Across the nation, sexual assault and sexual harassment are growing problems within the workforce, and speaking up about these issues can, unfortunately, cause copious amounts of backlash from those in management or higher-up positions. In California, the rates of sexual assault for both men and women reflect these national trends, reaffirming the depth and spread of these problems.
Due to fear of backlash and retaliation, sexual assault is extremely under reported, and those facing these heinous crimes are often unable to speak about their experience. For a better understanding, these are the most prevalent statistics relating to sexual assault in California:
Statistics that prove the extent of a situation or topic should not be the driving force behind fostering a network of support for those facing sexual assault or sexual harassment trauma. Between accusations of false reports or retaliatory measures used to keep victims from coming out with their experiences, especially in a workplace setting, are sadly a reality in addressing sexual assault and sexual harassment. Despite these harrowing statistics, reporting your claim and contacting legal counsel to help settle these issues is always beneficial to helping you regain a sense of control after such a traumatic incident.
After experiencing sexual assault, you should take the time to process the event and ensure your safety, followed by reaching out for support from family, friends, or your doctor concerning processing the event. From there, your next step is taking legal action, helping you hopefully get closure on the incident and move on with your life.
Sexual harassment can take multiple forms, and each situation is completely different based on coworker power dynamics and history. Quid pro quo sexual harassment, meaning “a favor for a favor,” is typically used by coercing an employee into a sexual act in exchange for a workplace perk, like a promotion or pay bonus. Hostile work environment harassment, stemming from constant picking or targeted remarks that make an individual uncomfortable, is another common form of sexual harassment seen in the workplace.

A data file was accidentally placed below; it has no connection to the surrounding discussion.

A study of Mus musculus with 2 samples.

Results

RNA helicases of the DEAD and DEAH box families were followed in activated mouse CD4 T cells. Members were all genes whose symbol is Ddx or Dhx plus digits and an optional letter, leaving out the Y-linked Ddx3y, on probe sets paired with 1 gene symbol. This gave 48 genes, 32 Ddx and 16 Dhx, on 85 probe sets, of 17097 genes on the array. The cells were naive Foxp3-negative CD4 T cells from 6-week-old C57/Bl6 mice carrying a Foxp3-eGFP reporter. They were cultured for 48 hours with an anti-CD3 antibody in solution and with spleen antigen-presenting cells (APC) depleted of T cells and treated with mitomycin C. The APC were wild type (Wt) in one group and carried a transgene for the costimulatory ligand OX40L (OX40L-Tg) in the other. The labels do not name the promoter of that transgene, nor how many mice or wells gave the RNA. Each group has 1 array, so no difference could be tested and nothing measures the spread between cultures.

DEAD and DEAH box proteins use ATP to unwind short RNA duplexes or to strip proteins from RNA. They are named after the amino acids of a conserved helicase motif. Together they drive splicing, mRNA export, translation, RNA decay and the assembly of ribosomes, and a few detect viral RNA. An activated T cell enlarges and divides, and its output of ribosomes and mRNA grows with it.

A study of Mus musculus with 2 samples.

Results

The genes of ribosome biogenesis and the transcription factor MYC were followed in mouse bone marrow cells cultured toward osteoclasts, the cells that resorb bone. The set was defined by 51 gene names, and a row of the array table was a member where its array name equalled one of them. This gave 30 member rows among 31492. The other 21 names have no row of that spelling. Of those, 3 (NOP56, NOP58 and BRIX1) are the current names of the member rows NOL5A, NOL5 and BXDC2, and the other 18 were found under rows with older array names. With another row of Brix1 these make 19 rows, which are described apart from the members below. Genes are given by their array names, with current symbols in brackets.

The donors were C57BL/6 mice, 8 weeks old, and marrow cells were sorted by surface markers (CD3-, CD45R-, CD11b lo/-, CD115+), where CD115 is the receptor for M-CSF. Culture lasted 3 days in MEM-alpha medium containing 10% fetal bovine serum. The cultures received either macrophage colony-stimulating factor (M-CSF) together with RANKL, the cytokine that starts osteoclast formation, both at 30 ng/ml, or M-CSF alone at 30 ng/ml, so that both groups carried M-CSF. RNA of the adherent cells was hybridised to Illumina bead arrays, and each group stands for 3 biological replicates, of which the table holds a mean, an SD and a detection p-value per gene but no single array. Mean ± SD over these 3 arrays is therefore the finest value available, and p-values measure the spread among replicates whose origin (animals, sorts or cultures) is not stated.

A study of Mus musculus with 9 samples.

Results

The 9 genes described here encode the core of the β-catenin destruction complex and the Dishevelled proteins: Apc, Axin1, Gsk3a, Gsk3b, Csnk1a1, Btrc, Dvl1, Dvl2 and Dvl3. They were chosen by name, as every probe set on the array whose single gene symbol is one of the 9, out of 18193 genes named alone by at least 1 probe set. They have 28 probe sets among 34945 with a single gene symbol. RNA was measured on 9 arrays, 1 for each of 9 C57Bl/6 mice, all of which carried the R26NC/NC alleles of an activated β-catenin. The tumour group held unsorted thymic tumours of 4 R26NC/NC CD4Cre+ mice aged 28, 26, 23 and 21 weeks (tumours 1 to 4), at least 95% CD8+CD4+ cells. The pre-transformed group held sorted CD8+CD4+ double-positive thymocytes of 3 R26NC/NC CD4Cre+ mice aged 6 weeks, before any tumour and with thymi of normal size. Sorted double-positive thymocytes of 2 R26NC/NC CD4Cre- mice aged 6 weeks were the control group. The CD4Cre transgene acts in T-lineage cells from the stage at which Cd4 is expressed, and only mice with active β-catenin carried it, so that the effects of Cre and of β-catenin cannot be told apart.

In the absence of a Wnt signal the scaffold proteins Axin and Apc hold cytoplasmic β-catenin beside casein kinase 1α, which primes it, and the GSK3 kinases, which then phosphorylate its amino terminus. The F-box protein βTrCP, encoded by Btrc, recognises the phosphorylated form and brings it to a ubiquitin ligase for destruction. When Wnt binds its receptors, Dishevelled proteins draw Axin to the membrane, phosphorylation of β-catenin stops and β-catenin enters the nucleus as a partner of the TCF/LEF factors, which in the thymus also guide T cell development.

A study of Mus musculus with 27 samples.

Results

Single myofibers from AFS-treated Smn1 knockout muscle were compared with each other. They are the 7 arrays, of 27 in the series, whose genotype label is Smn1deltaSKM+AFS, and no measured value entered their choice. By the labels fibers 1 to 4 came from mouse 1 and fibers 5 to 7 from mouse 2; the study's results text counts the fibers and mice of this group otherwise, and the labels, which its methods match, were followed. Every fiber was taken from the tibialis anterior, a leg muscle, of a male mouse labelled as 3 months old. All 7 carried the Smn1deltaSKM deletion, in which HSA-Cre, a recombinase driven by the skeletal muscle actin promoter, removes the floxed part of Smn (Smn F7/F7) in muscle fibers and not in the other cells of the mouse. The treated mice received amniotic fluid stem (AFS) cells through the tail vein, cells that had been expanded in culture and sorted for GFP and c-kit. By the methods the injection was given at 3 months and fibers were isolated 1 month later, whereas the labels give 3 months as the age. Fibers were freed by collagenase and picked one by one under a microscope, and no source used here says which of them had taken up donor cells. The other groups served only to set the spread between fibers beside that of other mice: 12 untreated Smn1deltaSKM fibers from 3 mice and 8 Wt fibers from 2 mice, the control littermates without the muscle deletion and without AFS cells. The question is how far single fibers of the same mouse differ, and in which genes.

Although both are a form of sexual misconduct, sexual harassment and sexual assault differ from each other, and the implications of both phrases have different requirements and attributes. Sexual harassment is usually defined by unwanted sexual advances made by either management or coworkers, involving the exchange of sexual favors for positions or the creation of a hostile work environment. Sexual assault is unwanted, non-consensual physical contact made by an individual against another person.
If these sexual advances are unwanted, continued, and targeted, coming from another person at the company, they can be considered sexual harassment. Any non-consensual sexual actions or conversations, especially after receiving explicit denials of consent and signs to stop, is continued harassment. If these allegations are brought forward in the workplace, and instead of receiving support or a full investigation, you face backlash from your employer, this is an example of workplace retaliation and can be handled in court.
Sexual Harassment is never an easy topic to handle, and because of the prevalent backlash for survivors, reporting these instances can be harrowing for survivors involved. The prevalence of this issue seems like it would be addressed and handled with more caution. However, due to the nature of these instances, especially with the stress of coming forward about your experiences, these instances often go unreported. The safest way to come forward with your sexual harassment experience is with a legal team able to properly evaluate your case and help you find the closure you need to live your life free of your sexual harassment trauma.